Abiye Tsome - (Lent)
For observant Ethiopian Orthodox Christians over the age of seven, today is the beginning of the fasting period called “Abiye Tsome” which leads up to Easter. For those observing the fast, no animal products will be consumed for the next 55 days and meals should only be consumed after 3:30pm following the daily mass.
There are 180 fasting days throughout the year for Ethiopian Orthodox Christians and perhaps because of this Ethiopian cuisine has developed many delicious vegetarian dishes.
In this photo of a “Beyaynetu” or “fasting food combination” you can see cabbage with potatoes; beets; gomen (similar to collard greens); lentils, spicy and non spicy; chick peas, spicy and non spicy; and shiro, a stew made of ground chick peas. All are served on “injera” a spongy bread made from the grain “tef.” You can try most of these tasty dishes throughout Ethiopia at any time of the year.
On 16 of Yekatit 2014 of the Ethiopian Orthodox Calendar (23 February 2022) was the annual “Covenant of Mercy.” These scenes are from the famous Ura Kidane Mehiret Monastery located on the Zege Peninsula of Lake Tana near the Ethiopia town of Bahar Dar.
During this procession, the “Tabot” of the church is carried outside. Every Ethiopian Orthodox Church has a Tabot, a representation of the Ark of the Covenant which sanctifies the church building. In the video, you can see a priest with the Tabot balanced on his head and wrapped in purple fabrics as no-one other than the head priest may lay eyes on the actual Tabot.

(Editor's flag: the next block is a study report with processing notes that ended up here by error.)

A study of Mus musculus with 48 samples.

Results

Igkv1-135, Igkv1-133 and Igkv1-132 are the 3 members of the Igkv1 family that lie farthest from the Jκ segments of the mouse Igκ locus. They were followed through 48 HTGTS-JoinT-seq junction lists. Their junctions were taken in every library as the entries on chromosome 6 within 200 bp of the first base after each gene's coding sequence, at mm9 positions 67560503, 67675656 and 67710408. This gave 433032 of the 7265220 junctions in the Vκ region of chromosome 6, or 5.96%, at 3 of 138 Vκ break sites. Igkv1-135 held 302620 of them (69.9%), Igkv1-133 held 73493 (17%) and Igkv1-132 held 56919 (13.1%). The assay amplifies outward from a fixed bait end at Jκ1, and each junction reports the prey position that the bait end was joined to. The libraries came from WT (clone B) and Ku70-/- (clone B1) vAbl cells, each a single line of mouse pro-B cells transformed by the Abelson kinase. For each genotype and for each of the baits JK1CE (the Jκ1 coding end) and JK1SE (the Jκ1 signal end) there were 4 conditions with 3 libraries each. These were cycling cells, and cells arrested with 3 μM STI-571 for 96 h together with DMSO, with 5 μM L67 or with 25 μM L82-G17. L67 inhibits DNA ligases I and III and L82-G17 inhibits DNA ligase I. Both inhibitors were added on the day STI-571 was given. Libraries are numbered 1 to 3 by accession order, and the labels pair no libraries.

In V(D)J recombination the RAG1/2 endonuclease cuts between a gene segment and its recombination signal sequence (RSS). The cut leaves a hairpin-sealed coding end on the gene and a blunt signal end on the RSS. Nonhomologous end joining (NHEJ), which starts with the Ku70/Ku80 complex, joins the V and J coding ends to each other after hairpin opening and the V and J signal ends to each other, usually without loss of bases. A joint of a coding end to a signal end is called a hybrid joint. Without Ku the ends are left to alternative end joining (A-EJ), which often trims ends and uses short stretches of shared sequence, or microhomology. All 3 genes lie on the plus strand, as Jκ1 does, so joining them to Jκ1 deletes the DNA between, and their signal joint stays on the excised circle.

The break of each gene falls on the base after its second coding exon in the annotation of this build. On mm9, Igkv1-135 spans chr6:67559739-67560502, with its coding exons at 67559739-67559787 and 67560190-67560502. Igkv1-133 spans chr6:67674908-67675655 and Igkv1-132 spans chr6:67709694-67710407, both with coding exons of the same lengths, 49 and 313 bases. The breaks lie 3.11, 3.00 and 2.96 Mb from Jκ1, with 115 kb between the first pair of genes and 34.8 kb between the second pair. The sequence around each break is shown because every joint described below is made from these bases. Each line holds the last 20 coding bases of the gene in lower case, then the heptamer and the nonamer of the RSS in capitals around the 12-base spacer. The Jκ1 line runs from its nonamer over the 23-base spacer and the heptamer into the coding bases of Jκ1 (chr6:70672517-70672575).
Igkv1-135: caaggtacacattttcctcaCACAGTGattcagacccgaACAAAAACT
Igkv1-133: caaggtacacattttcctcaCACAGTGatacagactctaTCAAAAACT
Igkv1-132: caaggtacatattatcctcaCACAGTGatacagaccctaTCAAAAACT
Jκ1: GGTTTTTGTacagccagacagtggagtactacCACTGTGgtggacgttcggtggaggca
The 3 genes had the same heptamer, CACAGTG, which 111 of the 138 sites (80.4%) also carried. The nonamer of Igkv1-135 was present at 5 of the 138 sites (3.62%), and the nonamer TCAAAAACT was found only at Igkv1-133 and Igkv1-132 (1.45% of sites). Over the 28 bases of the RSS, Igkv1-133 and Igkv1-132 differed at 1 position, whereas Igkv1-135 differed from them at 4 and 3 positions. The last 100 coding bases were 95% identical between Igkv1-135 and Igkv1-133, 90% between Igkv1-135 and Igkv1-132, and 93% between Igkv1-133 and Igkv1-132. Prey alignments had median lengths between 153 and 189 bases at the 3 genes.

Video and photos by Ayinekulu Mulugeta.
Photo by Awaze client Anne Sawvell
The Klipspringer, a small antelope, is found from the highlands of East Africa all the way to South Africa. (Its name derives from an Afrikaans word meaning “rock jumper.”)
Standing only about 50 centimeters (20”) at the shoulder, the Klipspringer has a vertical leap of more than 3.5 meters (12 feet)! Its tiny hooves, measuring about 18mm (3/4”) in diameter, act similar to suction cups allowing the Klipspringer to perch on rocky ledges as small as 40mm (1.5”) across.
Unusual for herbivores, Klipspringers have binocular vision which is thought to be useful for gauging distances and landing areas when leaping.
A pair of klipspringers will bond for life and rarely stray more than 5 or 6 meters from their mate.
Like all dwarf antelopes, Klipspringers have prominent preorbital glands located just below their eyes. These glands produce secretions which aid in marking territory and communication with other animals.
Klipspringers are frequently seen in Ethiopia’s Simien Mountains and Bale Mountains National Parks.